As public concerns about Internet privacy and security began to surface in 2000, Dell Computer Corp. saw an opportunity to take the lead in educating consumers about the fundamentals of Internet safety, and more importantly give consumers the confidence they needed to enjoy a more positive Internet experience. Dell turned to the National Consumers League (NCL) – one of the oldest and most influential consumer advocacy groups in the country – in August 2000 to create a partnership, research consumer concerns about Internet safety and security, and implement an educational campaign, Online E-ssentials, to dispel those fears and boost consumer confidence in the Internet.
By partnering with the National Consumers League, Dell was able to validate its efforts while positioning itself as an advocate for consumer Internet issues.
To assess consumers’ current attitudes and potential misconceptions about the Internet, Dell and NCL commissioned an e-survey of 24 questions through Harris Interactive. The survey was conducted via the Harris Poll Online, within the United States, from August 30-31, 2000. The poll, of 2,810 adults, aged 18 or over, documented consumers’ concerns about control of their personal information and about their children’s safety online. The survey revealed that those concerns kept consumers from taking full advantage of everything that the Internet offers. The results indicated that consumers needed more information to help them take control of their online experiences.
- Position Dell as the Internet partner and advocate for consumers
- Establish Dell as the “authority” among consumers on E-issues important to them
- Build reputation as Internet safety and privacy advocate
- Educate consumers to use the Internet more effectively
- Build consumer confidence in the Internet
- Develop sustainable themed campaign; leverage with media
- Establish partnership between Dell’s internal divisions to leverage Dell resources and develop a consumer advocacy program
- Partner with third-party consumer organization to build program credibility
Forming a partnership with the National Consumer League was the first step in adding credibility and driving awareness of the program. Dell, as an Internet infrastructure leader, was able to provide the Internet expertise and educational collateral, but leaned on NCL’s reputation as a consumer watchdog to boost consumer confidence.
Harris Interactive commissioned an online survey, at the request of Dell and NCL, to assess consumer’s attitudes and beliefs about the Internet. The survey focused on three Internet “E-ssentials” topics, including safety, privacy and security. The survey also sought to examine whether or not those attitudes and concerns inhibited the online experience. The results indicated that consumers were concerned about their online safety and privacy and that those concerns did prevent some consumers from fully benefiting from the Internet.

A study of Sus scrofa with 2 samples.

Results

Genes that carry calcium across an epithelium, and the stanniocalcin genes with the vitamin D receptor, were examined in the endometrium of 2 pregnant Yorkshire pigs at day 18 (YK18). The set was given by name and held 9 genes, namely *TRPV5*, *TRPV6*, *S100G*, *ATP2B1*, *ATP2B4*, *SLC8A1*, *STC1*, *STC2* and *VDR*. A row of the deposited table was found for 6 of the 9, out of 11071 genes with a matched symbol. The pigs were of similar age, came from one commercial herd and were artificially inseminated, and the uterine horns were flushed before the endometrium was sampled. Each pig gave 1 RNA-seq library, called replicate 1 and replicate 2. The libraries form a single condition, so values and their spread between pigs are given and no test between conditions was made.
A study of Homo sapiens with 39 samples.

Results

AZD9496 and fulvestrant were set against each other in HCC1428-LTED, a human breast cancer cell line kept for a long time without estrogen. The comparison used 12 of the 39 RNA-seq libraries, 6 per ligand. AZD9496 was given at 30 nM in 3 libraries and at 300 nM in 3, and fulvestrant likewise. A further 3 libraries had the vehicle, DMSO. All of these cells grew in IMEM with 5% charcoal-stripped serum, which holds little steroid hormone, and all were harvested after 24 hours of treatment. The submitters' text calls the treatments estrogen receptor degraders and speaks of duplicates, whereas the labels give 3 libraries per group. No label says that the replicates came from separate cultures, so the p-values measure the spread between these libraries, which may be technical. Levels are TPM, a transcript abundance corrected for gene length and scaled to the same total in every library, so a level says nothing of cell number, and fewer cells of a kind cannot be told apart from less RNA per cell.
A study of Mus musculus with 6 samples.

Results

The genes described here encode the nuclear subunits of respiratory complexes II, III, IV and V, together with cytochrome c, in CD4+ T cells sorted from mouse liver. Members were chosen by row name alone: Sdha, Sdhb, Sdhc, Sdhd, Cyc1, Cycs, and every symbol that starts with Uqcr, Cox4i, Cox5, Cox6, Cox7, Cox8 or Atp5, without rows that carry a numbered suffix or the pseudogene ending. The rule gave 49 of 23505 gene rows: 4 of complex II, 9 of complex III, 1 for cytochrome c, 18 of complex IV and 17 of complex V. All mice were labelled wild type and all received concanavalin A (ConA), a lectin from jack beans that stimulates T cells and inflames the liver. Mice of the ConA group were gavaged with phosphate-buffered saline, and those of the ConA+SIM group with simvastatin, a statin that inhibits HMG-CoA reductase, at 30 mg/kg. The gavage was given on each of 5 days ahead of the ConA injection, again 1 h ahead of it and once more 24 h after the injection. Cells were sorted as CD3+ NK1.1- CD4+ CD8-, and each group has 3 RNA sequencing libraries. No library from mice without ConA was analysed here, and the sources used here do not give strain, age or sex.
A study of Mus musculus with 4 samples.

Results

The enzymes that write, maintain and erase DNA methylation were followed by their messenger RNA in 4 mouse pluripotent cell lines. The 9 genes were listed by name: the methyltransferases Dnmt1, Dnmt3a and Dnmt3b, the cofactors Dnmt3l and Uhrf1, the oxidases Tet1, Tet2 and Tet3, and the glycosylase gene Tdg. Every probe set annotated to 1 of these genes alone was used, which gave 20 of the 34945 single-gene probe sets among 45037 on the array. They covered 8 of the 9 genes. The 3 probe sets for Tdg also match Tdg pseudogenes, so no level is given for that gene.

An “Online E-ssentials” Web site, www.nclnet.org/essentials.com, was created by Dell to serve as educational reference for consumers interested in learning the E-ssentials of Internet safety, privacy and security, including how to read privacy statements, how to determine if a Web site is secure before sharing credit card information and how to make the Internet a family-friendly activity. In addition, it offers a download version of a brochure/guide, a glossary of Internet terms and links to non-profit and governmental agencies that also provide suggestions for safe Internet use. The Online E-ssentials Web site has links from both the NCL homepage and from Dell.com.
An “Online E-ssentials” brochure was produced by Dell for distribution to consumers and elementary schools. The brochure, a consumer’s guide to Internet safety, privacy and security, offers practical tips on the E-ssentials topics. The brochure encourages consumers to visit the E-ssentials Web site, and a copy of the brochure is available for download on the site.
Media outreach to announce the Dell’s E-ssentials program on Oct. 4, 2000 in Washington D.C. included a joint satellite media tour, a teleconference, a Web cast and a national press release with National Consumer League representatives. Utilizing these various public relations tactics, Dell drew substantial media attention to the E-ssentials Web site and ultimately increased consumer awareness on Internet safety, privacy and security.
MEASUREMENT OF SUCCESS
More than 20 major market television stations carried or taped the tour – including CBS MarketWatch – with a confirmed audience reach of 662,000 viewers.
An interview with Dell’s John Hamlin, the vice president of Dell Consumer, aired hourly on CBS Network Radio the day of launch and was also featured in the CBS syndicated program, the Osgood File.
National print stories ran on WSJ.com and in the San Francisco Chronicle.
Since the launch of the E-ssentials Web site, visitors have downloaded more than 15,000 copies of the online educational brochure.
The program enabled Dell’s Consumer division to partner internally with its Public Affairs and Employee Communications divisions to help generate awareness of the efforts both internally to customer service employees in addition to legislative contacts in Washington.
Dell is planning to commission a survey in Fall 2001 to determine if attitudes have changed, or if Internet safety, privacy and security remain top concerns among consumers.